Horse Power

By on April 24, 2009 with 0 Comments By Wayne Pacelle

When horses are endangered or abused, it demands the attention of the American public—and of The HSUS. These symbols of freedom, beauty and companionship hold a special place in the hearts of many Americans and in recent weeks, in different parts of the country, the plight of horses—from the deaths of 21 polo ponies in Florida to this week’s rescue of 200 mustangs found starving on a Nebraska ranch—has captured the headlines.

On Tuesday we received a call for help from Habitat for Horses, one of the nation’s largest equine rescue organizations, requesting urgent assistance. We had just 12 hours to gather a response team of expert equine handlers and report to Alliance, Neb. Transporting and properly caring for a herd of large animals is no small feat and it took the coordinated efforts of several animal welfare groups from across the country, as well as the assistance of the local equine community.

Scotlund Haisley, HSUS Emergency Services, feeds a rescued horse in Nebraska
© The HSUS
Emergency Services' Scotlund Haisley feeds a rescued mustang.

The HSUS was charged with the task of securing horse trailers, equine handlers, medical supplies, food, and sheltering supplies. In less than 12 hours our Emergency Services team, with tremendous efforts from our animal cruelty case worker Jackie Beckstead, had gathered a response team and the needed resources and set off for Nebraska.

At the ranch, they found emaciated, hollow-eyed mustangs. Many were so weak they could not make their way to the bales of hay that were spread out. These horses had obviously been denied proper nutrition and medical care for some time. Tragically, the team also discovered some 60 carcasses of horses who had likely starved to death.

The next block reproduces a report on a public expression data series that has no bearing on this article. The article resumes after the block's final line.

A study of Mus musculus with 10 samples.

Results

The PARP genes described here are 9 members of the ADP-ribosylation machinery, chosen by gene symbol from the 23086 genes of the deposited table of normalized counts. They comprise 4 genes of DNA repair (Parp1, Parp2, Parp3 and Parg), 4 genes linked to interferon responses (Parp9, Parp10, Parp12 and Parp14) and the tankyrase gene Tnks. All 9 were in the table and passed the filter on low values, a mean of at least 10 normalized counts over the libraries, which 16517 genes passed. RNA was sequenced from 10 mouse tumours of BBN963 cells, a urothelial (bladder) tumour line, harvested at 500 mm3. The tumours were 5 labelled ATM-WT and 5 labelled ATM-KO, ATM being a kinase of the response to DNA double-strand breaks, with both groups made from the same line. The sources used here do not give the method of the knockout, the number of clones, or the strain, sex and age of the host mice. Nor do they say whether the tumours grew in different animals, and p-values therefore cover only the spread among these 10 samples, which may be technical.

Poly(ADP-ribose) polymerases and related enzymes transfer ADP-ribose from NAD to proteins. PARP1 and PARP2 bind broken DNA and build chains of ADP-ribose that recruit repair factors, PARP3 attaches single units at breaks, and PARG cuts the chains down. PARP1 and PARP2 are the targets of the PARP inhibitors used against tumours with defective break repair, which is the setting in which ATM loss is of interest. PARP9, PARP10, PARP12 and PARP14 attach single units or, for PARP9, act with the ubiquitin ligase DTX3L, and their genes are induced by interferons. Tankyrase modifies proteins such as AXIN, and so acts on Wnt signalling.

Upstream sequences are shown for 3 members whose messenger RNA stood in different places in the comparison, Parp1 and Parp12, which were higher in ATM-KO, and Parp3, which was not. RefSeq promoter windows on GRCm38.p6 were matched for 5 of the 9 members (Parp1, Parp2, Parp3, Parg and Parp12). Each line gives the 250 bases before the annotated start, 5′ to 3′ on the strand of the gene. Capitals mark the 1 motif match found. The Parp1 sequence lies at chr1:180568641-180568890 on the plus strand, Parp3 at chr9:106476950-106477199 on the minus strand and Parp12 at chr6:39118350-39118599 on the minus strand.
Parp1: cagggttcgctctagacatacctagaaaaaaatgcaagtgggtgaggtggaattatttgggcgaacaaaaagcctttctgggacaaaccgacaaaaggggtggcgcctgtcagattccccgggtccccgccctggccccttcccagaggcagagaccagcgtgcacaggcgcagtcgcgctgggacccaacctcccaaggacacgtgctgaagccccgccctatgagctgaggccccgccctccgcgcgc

The exhaustive work of our logistics team and an outpouring of support from the local community allowed us to gather enough manpower and equipment to transport the 200 surviving animals to a temporary home at the local fairgrounds. After they recover, good homes and green pastures await them.

As the emergency team was wrapping up its assignment, Keith Dane, our director of Equine Protection, was in Wellington, Fla. to investigate the suspected poisoning of the 21 Venezuelan ponies and encourage increased oversight and better protections for polo horses. Though definitive toxicology tests are still to come, news reports indicate a pharmacy incorrectly prepared medication that was administered to the animals.

The deaths have thrust into the open the sport’s absence of drug policies and regulation. With no current prohibitions or testing requirements for the use of drugs or other performance-enhancing substances, it is our hope that the polo establishment will soon begin to implement reforms. It’s best if the industry embraces these reforms and implements them immediately.

Finding better ways was high on the agenda earlier this month when, in partnership with the Animal Welfare Institute, we held the third annual Homes for Horses conference in Las Vegas (in conjunction with our Animal Care Expo). Dozens of representatives from equine sanctuaries and rescues and national animal welfare groups spent two days discussing the needs and challenges facing the equine rescue community in these difficult economic times. The challenge: how can we better assist our nation’s at-risk equines, work more effectively together, and amplify our efforts to help more horses.

A highlight of the conference was the announcement of a forthcoming accreditation program for equine rescues and sanctuaries. This program will help raise the standard of professionalism and care across the equine rescue community and hopefully help prevent situations like that in Nebraska.

Our work to help horses involves small cases and large, from rescue to assisting with cruelty cases to finding permanent homes for horses needing another chance. But it also looks at the big-picture issues, from ending equine slaughter, to protecting wild horses and burros on our public lands, to stopping cruelty to Tennessee Walking Horses, to lifting standards at sanctuaries and rescues, to educating the public and media about responsible horse ownership.

Wherever horses need help, they’ll have a powerful ally in The HSUS and its equine programs.